The first pitch of Zodiac, showing (1) climber’s high point near
the top belay anchor and (2) the highest piece of protection that
held. The climber estimated he fell 110 feet. Parker Kempf
On the morning of December 2, I started up the first pitch of Zodiac (5.9 A3) on El Capitan. I was roped soloing and planning for three or four days on the wall. I had led this first pitch two other times.
I climbed the pitch clean (no pitons, C3+) and was about 10 feet from the anchor, underneath a small roof, when the small offset nut I was weighting blew out. As I fell, two marginal placements beneath me also pulled out. The next piece was a well-placed 0.75-sized cam. Surprisingly, this piece sheared out of the parallel, non-flaring granite crack. Below this was a well-placed nut, which somehow came unclipped from the rope. And below this was another 0.75-size cam—the carabiner clipped to this cam broke, presumably due to a “nose hook.”
In all, six placements pulled out or otherwise failed, and I fell approximately 110 feet, stopping at eye level with the first bolt on the route. The aiders clipped to the ends of my daisies were touching the ground.
Remarkably, I sustained only a small scratch on one ankle and was otherwise uninjured. The Silent Partner I was using as a self-belay device had broken in the locked position and was no longer functional. Returning later with a friend to clean the rest of my gear from the route, we discovered the piece that caught my fall was a medium-size DMM offset stopper, which had half of its cable blown through. Had this piece failed, the fall surely would have been fatal.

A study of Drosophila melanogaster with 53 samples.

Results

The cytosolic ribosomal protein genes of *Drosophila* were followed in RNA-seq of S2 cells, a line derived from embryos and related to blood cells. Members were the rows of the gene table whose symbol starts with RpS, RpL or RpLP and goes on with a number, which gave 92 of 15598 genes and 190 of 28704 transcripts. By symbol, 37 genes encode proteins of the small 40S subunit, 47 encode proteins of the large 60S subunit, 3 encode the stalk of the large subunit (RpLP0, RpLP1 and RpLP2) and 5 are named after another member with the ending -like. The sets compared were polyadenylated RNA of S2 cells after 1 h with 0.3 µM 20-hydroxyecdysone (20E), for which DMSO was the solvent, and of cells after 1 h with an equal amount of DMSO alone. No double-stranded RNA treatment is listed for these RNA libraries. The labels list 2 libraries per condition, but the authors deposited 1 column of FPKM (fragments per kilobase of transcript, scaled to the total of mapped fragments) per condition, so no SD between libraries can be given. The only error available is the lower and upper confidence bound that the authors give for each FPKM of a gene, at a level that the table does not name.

I’ve done over 15 big-wall solos, including two roped solos of El Capitan. I bounce-test all my aid placements, even C1 placements in splitter cracks, just to be sure the piece does not shift out of its optimal placement. The first pitch of Zodiac gets very high traffic, which has led to an infamous amount of “polishing” in the crack. I certainly was not expecting a well-placed 0.75 to shear out of solid rock, put maybe the polish has reduced the rock friction so that a nut would have been more appropriate here.
It had not rained at all recently, but it was early morning in winter. Although I did not notice the rock was wet, it’s possible there was dew or other moisture in the crack, exacerbating the polished rock issue. Again, passive protection would have probably held better at this placement. Perhaps it also would have helped to wait a little before starting and let any morning dew evaporate.
Because I was roped soloing, I was not using quickdraws or extending placements; my rope was fixed to a ground anchor, and I fed slack through the “brake side” of my solo belay device. (There is no rope being pulled through protection in a lead roped-solo scenario.) It’s possible, though far from certain, that extending the “failed” pieces with quickdraws might have made the cam less likely to pull out, the nut less likely to come unclipped, and/or the carabiner less likely to break.
The broken carabiner, an old-style Camp Photon, had a distinct notch between end of the nose of the carabiner and the “basket.” This notch was prone to snagging slings and other gear, and “nose hooking” significantly weakens a carabiner. Using a key-lock carabiner with a narrower angle to its basket would have helped keep the force of the fall along the spine of the carabiner. (Source: Parker Kempf.)